U of G’s interpretation of the Harlem ShakeColleen McDonell on February 27, 2013 with 0 Comments
Video reaches over six million views
It usually begins in a public setting, with one masked person dancing solo to an electronic song for about 15 seconds, surrounded by other people who don’t notice or are unaware of the dancer.
Anticipation swells, and then the bass drops.
The video cuts to the crowd, wearing crazy outfits – or almost nothing – and holding strange props while doing a hyped, convulsive dance until the video abruptly ends at half a minute.
When University of Guelph students joined in on the Harlem Shake in February 2013 and followed this theme, their video gained rapid YouTube success.
“I expected about 70,000 views and we are at six million right now. It’s a lot bigger than we all expected,” said co-organizer and mechanical engineering student Scott Clumpus, noting that U of G was the first university to make a version.
Not to be confused with the original 1981 Harlem Shake dance that actually comes from Harlem, New York, the viral YouTube videos are named after the song “Harlem Shake” by electronic musician Baauer.
Similar to the past crazes of “Call Me Maybe” and “Gangnam Style” video remakes, many groups have made their own versions of the Internet meme, including a Norwegian army and firefighter edition. The organizers of the U of G Harlem Shake – including Clumpus, marketing student Christopher Brophy, and marketing and biology student Mitchell Kiernan – didn’t expect the video to have such success.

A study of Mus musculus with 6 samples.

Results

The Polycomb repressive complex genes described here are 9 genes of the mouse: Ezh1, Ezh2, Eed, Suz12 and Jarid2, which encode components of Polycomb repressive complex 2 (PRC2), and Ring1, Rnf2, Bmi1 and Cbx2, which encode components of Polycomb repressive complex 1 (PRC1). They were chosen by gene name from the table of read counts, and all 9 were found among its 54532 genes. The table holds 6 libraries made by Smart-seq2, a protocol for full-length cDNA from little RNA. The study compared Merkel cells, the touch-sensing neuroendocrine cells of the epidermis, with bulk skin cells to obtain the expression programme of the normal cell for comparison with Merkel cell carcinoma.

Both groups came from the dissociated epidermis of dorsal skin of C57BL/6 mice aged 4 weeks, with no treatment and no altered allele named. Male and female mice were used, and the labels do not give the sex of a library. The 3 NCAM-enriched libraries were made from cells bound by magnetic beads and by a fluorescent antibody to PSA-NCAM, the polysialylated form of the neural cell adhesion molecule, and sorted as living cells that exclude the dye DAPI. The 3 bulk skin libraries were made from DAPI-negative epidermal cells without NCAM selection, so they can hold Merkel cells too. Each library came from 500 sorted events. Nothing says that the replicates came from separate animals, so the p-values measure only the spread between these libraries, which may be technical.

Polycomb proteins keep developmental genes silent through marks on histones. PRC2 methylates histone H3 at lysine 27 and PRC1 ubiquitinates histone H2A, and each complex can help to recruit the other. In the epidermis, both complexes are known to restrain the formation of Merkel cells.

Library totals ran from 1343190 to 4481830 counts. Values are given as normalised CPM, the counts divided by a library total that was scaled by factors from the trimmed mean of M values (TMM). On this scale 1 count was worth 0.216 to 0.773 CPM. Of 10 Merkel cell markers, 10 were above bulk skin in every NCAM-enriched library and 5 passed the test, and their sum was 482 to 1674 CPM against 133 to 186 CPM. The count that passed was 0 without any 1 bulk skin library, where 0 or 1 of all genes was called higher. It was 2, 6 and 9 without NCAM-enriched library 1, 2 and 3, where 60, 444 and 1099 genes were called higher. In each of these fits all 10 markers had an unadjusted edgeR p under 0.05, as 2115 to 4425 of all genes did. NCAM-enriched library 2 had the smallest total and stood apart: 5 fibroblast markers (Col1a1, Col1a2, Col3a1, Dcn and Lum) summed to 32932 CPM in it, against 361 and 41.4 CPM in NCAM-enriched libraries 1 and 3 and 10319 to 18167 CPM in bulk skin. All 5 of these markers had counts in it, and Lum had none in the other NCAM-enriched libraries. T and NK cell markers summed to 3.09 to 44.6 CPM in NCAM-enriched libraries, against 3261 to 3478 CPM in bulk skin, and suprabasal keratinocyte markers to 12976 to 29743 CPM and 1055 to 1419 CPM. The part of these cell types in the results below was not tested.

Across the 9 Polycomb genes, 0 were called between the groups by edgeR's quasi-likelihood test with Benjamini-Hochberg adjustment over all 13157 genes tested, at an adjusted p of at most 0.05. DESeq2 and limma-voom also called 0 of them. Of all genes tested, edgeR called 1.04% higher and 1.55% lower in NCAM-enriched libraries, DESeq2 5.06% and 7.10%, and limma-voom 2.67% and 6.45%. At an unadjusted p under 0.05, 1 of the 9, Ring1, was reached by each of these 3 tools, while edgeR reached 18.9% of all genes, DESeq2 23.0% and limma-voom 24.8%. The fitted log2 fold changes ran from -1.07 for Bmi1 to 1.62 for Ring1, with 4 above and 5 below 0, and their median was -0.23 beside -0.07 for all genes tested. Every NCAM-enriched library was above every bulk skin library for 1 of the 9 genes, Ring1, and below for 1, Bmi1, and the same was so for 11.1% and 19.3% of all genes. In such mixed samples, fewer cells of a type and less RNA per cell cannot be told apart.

“We didn’t really have any intentions of going viral or anything,” said Clumpus. “We were just bored, and we felt like having fun.”
The three first-year students live in residence together and with a friend first made a video of the four of them dancing to the Harlem Shake in their dorm room. However, due to specific content resident assistants made them take it down soon after it went up.
They then planned the video shoot on campus. On Feb. 8, Kiernan made a Facebook group to gather as many people as they could for the next day. On Feb. 9, around 70 people showed up.
“We told everyone to do whatever you want – go crazy and dance,” said Clumpus.
And they certainly followed instructions. Students clad in everything from bikinis, lab coats, sombreros, and pink boas danced frenetically in both the opening scene in a Rozanski classroom and later at the cannon. The organizers also included the signature “winding of the toy” at the end to include some Guelph spirit in the video, which has garnered a lot of attention.
“We always encourage student engagement and are impressed with what they can accomplish in such [a] short time period,” Brenda Whiteside, associate vice-president of student affairs told the Guelph Mercury in an email. “We are surprised that the ‘shake’ has taken off the way it has.”
Like many videos that gain fame on the web, the Harlem Shake may be forgotten as soon as the next big thing arrives.
“It’s one of those trends that locks for two weeks and dies off. No one really remembers it after that,” Clumpus commented on the slowed traffic on the video’s YouTube page. Yet, Clumpus noted that the three organizers are enthusiastic about creating more content in the future.
“We’re going to try and make a few more videos because we have a lot of subscribers from this one video, but nothing related to Harlem Shake. We are going to start the next trend and see if it catches on.”